The Indian Board for Wildlife has in the past had some of the most illustrious names serving on it. People like E. P. Gee, R.S. Dharmakumarsinhji, Anne Wright, M. Krishnan, Salim Ali and Kailash Sankhala helped write both the policy and strategy for wildlife in India. It is largely thanks to them, and scores of others we all know, that the protected area network and the ethic of wildlife conservation that we inherited was built. But today, on our watch, we are seeing all this dismantled. Those of us who are on the NBWL today bear the burden of a vital legacy that we must somehow uphold.
Today, however, the NBWL has been reduced to a mere formality. A rubber stamp for India's industrial ambitions. It is in advanced stages of decay. At the 22nd Standing Committee Meeting of the National Board for Wildlife, on April 25, 2011, the Forest and Environment Minister, Jairam Ramesh, attempted to hammer through approvals of 59 projects within in 2.5 hours. To a large extent he succeeded. He later made public the fact that such clearances were "under pressure". This should be regarded by all those who understand the umbilical connection between wildlife, ecosystems and human survival us as the last straw.
Irrespective of our minor differences, I believe that the public, past and present members of the NBWL and the networks that support them are united in their resolve to protect India's wildlife against ALL threats. And if the primary threat has now become the Government of India itself, then we must find within us the unity, will, resolve and strategy to fight this. We have no option because failure would not merely mean the loss of Panthera tigris, or Elephas maximus, but the very backbone of the people of this subcontinent.
New and young National Wildlife Board members such as Kishor Rithe, Biswajit Mohanty and Prerna Bindra -- are doing what they can with dissent notes and private angst, but they do not yet have the requisite clout or experience to deal with the kind of sledgehammer tactics being brought to bear against our wildlife. I am in touch literally with lakhs of wildlife supporters on a regular basis through Sanctuary and Kids for Tigers. I know that never have more people (particularly young people who will reap the bitter harvest being sowed by out-of-touch-with-ecological-reality planners) been more keen to see India's wildlife safe. And yet, never has India's wildlife and our wildernesses been more threatened.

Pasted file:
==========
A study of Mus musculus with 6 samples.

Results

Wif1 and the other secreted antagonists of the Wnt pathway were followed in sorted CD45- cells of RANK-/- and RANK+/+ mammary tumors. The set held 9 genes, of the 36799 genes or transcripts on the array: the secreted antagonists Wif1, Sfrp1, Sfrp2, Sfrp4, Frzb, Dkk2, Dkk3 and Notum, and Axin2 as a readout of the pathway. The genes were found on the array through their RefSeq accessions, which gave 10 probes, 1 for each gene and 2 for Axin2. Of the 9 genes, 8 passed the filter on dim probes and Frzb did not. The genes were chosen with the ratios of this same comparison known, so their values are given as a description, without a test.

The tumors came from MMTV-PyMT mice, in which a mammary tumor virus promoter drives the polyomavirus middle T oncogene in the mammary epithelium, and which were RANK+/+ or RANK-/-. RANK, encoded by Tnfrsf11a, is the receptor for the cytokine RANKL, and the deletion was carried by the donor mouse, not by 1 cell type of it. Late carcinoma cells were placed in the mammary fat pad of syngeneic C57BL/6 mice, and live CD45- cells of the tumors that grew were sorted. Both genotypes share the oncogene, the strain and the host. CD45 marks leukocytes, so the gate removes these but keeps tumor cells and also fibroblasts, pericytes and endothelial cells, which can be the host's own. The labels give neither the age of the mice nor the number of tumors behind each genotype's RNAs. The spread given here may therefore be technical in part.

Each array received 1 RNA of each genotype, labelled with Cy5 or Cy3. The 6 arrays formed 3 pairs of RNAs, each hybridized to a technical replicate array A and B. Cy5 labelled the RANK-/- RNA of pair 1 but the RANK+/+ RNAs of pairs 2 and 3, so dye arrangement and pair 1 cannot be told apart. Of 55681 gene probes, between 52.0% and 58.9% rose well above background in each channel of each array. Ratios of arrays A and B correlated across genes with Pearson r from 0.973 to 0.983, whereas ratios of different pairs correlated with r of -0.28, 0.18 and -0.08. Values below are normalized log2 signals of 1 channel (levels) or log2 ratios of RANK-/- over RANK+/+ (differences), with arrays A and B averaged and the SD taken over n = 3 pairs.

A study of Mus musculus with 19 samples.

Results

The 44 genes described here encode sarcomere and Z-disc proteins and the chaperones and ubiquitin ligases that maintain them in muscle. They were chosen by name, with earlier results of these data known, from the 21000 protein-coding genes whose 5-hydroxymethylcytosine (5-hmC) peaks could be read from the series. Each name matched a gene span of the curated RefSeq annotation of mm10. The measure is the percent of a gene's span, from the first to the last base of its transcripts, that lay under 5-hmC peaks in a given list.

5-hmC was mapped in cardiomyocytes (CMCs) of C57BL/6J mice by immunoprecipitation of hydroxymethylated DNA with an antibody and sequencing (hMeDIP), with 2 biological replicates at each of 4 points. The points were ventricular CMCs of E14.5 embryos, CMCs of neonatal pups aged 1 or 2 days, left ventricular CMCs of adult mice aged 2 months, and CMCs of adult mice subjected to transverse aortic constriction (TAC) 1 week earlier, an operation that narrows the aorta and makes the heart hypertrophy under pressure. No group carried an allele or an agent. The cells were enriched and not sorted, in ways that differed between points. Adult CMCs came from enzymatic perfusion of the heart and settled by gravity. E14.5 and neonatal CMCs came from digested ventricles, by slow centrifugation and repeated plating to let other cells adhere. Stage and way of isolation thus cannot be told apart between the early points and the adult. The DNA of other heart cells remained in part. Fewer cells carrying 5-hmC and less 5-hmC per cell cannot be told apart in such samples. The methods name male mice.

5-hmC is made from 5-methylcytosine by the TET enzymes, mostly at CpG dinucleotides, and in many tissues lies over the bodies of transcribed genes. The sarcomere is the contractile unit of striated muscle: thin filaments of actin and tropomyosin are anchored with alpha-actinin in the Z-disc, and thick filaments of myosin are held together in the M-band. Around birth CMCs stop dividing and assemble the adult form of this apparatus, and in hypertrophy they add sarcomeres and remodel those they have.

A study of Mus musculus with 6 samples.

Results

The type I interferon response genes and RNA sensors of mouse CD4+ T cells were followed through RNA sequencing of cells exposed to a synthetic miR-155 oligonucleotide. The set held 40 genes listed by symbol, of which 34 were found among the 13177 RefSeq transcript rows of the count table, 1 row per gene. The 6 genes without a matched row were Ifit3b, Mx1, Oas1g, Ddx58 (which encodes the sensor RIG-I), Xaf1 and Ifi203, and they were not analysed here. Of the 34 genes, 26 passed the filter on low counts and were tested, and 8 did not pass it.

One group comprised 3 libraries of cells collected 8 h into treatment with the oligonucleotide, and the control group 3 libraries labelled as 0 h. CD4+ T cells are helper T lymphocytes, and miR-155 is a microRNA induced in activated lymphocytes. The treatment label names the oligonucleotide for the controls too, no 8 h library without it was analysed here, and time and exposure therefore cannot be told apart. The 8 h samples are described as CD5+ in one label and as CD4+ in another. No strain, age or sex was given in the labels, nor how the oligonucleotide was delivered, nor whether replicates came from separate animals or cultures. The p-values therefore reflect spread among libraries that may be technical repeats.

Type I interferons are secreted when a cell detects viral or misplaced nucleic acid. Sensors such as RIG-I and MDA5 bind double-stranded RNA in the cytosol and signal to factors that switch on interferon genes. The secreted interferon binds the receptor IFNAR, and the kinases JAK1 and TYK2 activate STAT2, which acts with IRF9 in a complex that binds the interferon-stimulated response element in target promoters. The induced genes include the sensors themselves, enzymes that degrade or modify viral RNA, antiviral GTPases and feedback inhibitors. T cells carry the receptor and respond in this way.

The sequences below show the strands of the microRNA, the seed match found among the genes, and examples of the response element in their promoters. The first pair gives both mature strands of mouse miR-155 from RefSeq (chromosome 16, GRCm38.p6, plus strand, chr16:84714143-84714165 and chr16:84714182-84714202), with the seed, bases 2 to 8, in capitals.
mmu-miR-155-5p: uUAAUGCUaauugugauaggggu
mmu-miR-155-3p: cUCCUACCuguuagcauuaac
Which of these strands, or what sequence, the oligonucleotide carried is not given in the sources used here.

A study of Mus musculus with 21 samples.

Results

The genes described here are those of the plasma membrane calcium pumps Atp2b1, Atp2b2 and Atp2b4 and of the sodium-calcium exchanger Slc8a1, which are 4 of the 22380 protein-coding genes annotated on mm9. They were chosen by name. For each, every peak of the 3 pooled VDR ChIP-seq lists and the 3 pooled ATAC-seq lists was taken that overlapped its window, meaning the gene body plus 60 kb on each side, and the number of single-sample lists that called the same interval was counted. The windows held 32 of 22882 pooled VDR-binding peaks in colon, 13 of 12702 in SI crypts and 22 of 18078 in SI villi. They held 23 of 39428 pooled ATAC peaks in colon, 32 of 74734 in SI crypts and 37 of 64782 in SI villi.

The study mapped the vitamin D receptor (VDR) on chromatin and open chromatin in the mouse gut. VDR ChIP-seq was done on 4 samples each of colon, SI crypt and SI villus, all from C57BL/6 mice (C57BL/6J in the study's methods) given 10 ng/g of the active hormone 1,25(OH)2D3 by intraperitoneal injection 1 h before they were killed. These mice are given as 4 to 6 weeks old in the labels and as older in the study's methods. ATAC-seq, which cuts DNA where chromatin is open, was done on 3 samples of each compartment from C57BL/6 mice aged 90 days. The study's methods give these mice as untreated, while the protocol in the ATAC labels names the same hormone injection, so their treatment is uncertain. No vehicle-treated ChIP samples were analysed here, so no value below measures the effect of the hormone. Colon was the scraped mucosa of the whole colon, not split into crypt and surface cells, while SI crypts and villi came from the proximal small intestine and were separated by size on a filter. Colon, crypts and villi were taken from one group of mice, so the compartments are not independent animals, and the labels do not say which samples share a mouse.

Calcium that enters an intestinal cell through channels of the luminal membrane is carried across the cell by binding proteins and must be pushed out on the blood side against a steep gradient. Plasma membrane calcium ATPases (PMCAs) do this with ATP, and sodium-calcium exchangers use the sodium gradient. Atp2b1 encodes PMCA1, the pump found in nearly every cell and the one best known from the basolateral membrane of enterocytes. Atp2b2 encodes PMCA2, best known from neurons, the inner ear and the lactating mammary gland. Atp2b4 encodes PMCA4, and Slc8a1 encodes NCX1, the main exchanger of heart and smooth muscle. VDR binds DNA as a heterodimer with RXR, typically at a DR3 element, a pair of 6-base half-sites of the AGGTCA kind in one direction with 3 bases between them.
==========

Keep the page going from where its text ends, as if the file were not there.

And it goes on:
Perhaps it is time for those who care for wildlife to come together prior to the next World Environment Day, June 5, 2011 and prempt predictable government efforts to paper over the damage they are purposefully doing to the Indian subcontinent.
1. We should be able to inform the nation the truth about the status of our wildlife (not merely megafauna), that it is endangered as never before and that the endangerment is not merely a result of poaching, but of "ecosystem destruction by government policy."
2. We should point out that the ecosystems being so carelessly destroyed are the very assets that this generation and the next needs to keep us out of harm's way from climate change and its handmaidens... floods, droughts, food shortages, disease and uncontrolled human migration. Towards this end a new set of voices -- new age economists who understand the connection between ecosystem destruction and economic failure -- must be enlisted to counter the flawed economic strategies being pushed by the Planning Commission and the Prime Minister's Office in the face of the failing ecological health and plummeting water security of our nation.
3. We must somehow unite to repair the breach caused by the false opposition engineered by the political system, that has effectively pitted wildlife people against forest rights people. The foundation of such rapproachment must be a regime that recognises the primacy of nature, followed by the inalienable right of forest people to be the first recipients of all ecosystem benefits. But and its a big but, NOT as conduits to supply forest biomass, to bottomless markets. Rather they must be rewarded as "ecosystem farmers" whose "produce" -- fresh water, soil fertility, climate control and food plant security -- must fetch fair compensation for their families to be well looked after with their traditions, dignity, food-clothing-housing-education security, ensured in perpetuity.
The tone of such communication should not be confrontationist, though the political system will surely see it as just that. Instead, we should highlight the rationale for ecosystem protection as national development, capable of ensuring employment, national integrity and strength, food, dignity and self-sufficiency. There can be no "leaders" here. It should be a collective. Powerful lobbies including the CII have found ways to form such bargaining collectives despite the dog-eat-dog competition they inflict on themselves on a daily basis. We must do better.